Supreme Court rules in favor of baker in same-sex wedding cake l - Honolulu, Hawaii news, sports & weather - KITV Channel 4

Supreme Court rules in favor of baker in same-sex wedding cake lawsuit


The court didn't focus on whether a person or business can refuse services to gay people, instead ruling that the Colorado civil rights commission that first heard the case violated the baker's rights.

"The commission's hostility was inconsistent with the first amendment's guarantee that our laws be applied in a manner that is neutral toward religion," said Justice Anthony Kennedy, writing for the court's majority.

The court ruled by a 7-2 vote. Justices Ruth Bader Ginsberg and Sonia Sotomayor dissented.

The attorneys representing the baker and Masterpiece Cakeshop owner Jack Phillips said he is relieved and delighted, adding that creative professionals should be free to create art consistent with their convictions.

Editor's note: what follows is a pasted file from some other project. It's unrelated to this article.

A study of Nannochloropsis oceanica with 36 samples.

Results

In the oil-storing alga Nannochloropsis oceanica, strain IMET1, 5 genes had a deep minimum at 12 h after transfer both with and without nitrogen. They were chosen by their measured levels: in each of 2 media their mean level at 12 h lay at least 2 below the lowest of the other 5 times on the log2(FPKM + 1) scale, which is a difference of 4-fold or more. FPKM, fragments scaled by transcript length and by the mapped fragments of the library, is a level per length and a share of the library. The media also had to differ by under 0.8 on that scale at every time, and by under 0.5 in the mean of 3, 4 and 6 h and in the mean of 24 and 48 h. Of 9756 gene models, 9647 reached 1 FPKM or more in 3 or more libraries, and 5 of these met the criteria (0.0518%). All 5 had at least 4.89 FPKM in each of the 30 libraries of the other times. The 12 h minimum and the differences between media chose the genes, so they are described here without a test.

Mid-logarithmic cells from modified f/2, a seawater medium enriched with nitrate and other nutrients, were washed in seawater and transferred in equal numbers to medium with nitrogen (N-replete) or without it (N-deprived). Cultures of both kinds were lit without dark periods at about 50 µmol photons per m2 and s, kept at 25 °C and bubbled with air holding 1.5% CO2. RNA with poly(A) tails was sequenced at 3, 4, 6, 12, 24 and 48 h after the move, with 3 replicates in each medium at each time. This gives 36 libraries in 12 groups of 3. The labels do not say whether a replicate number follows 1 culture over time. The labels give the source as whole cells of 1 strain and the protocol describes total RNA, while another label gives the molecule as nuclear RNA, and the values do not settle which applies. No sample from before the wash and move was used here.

"This court is constantly telling the government you cannot treat people of faith differently than others in the marketplace." Said Kristen K. Waggoner, attorney for Jack Phillips, "You cannot express hostility towards them because the government disagrees with their viewpoint."

The plaintiffs, Charlie Craig and David Mullins, said their fight against discrimination will continue. 

"We brought this case because no one should have to face the shame," said Mullins. "Embarrassment and humiliation of being told we don't serve your kind here that we faced and we will continue fighting until no one does." 

Justice Kennedy pointed out that future cases might end up with a different ruling, noting that these disputes must be resolved without disrespecting religious beliefs, while also protecting the constitutional rights of same couples.